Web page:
Ford is introducing new technology that detects people walking into the road at night, warns the driver, and automatically brakes if they don't stop.
Catchily named Pedestrian Detection, the system already existed for daytime, but it's now equipped for after-dark street-wanderers too. To test it, some lucky Ford employees got to hang around closed tracks at night, pushing dummies into the path of cars. They also tried it out on public roads in Paris and Amsterdam, presumably not on real drivers (the therapy bill alone would kill the project).
The system uses a windscreen camera and a bumper-mounted radar sensor, plus a database of pictures of people (as opposed to trees or other things you might see hanging out near a road). The wide-angled camera shoots at 30fps, and produces a live video feed that's constantly scanning for humans.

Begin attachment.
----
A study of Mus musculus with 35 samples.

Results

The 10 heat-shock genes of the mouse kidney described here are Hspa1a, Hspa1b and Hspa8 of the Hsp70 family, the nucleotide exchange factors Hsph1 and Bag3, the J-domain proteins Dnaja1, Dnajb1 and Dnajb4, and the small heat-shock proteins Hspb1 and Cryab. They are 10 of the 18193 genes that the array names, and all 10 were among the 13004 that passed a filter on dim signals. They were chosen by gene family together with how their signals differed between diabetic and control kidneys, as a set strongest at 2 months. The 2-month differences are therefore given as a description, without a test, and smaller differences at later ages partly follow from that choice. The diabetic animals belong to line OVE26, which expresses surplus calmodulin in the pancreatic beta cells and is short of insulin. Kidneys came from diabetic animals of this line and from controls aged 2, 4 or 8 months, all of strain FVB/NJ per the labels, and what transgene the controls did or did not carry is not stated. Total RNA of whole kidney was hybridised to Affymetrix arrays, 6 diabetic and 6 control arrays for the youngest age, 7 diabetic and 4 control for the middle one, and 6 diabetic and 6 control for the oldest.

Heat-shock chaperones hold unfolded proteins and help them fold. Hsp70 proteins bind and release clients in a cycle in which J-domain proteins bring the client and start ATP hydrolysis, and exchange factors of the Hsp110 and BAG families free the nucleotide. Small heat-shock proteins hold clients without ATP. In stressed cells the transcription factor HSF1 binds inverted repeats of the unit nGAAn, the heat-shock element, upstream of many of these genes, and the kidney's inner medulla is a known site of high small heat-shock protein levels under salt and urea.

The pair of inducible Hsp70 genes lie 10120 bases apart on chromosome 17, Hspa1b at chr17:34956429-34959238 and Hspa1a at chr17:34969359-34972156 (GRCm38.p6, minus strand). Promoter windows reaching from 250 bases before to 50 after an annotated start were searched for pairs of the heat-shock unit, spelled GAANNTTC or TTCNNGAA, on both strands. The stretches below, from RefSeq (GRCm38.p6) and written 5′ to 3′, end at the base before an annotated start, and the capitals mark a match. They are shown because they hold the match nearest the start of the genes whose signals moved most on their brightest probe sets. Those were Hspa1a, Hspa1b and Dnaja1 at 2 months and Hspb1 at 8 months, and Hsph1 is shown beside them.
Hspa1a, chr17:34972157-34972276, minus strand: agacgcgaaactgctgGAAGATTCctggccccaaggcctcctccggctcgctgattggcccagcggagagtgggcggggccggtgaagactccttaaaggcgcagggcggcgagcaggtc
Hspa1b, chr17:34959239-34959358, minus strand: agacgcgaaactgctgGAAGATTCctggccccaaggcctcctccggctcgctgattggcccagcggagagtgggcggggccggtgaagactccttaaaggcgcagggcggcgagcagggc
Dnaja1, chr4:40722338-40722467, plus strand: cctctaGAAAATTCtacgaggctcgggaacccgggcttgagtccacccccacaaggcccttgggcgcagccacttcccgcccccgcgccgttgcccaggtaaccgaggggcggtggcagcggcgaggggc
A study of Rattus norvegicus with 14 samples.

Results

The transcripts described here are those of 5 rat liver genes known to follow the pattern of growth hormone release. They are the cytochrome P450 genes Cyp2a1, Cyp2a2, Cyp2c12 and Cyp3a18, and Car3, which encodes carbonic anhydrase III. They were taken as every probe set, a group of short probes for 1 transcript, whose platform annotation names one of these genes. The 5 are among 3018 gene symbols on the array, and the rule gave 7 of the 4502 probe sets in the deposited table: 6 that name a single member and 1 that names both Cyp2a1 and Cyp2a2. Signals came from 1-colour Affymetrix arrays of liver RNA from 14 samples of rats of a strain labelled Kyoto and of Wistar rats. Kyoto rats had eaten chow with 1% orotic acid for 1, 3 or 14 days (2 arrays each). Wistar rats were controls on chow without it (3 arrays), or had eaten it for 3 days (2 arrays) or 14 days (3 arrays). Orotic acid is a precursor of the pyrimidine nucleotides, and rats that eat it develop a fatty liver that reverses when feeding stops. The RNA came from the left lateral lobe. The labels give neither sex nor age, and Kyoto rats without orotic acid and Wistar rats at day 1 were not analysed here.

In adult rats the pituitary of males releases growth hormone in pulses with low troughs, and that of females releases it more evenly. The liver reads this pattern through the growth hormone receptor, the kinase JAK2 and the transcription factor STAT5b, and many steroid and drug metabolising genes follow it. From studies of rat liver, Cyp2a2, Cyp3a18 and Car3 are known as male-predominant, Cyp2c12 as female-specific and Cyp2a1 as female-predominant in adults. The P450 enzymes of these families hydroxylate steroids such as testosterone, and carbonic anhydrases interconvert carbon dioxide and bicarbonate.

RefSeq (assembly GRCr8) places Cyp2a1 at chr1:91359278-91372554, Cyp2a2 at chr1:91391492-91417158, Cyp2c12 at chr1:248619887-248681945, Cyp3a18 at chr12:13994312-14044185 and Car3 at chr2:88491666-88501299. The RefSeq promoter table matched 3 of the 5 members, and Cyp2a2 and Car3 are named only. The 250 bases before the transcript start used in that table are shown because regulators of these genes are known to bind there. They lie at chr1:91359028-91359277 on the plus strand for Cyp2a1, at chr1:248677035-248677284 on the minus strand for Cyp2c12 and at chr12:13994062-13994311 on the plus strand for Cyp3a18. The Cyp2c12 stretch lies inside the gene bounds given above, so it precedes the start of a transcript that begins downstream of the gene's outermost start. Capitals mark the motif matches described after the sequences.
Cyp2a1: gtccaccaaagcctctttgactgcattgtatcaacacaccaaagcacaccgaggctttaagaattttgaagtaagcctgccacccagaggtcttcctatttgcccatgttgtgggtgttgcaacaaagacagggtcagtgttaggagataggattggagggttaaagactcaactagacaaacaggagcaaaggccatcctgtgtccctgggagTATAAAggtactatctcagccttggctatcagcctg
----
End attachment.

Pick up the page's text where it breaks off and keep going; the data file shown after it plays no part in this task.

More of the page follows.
If it finds one, the system warns the driver with sounds and visual cues. If they don't brake, the car does it for them.
“We know some drivers find hitting the road at night a stressful experience. Especially driving in towns and cities, pedestrians – sometimes distracted by mobiles – can without warning step into the road, leaving even alert drivers very little time to avoid an accident,” says Gregor Allexi, active safety engineer at Ford of Europe. “Day and night, Pedestrian Detection is designed to help identify people already in – or about to step into – the road ahead.”
There's a good chance the new braking system will save lives - Ford notes that 1 in 5 road deaths in 2014 were pedestrians, and almost half of those were hit after dark. It'll debut on the next Ford Fiesta later this year, because if you're going to die, there are far better ways to go than being hit by a Fiesta.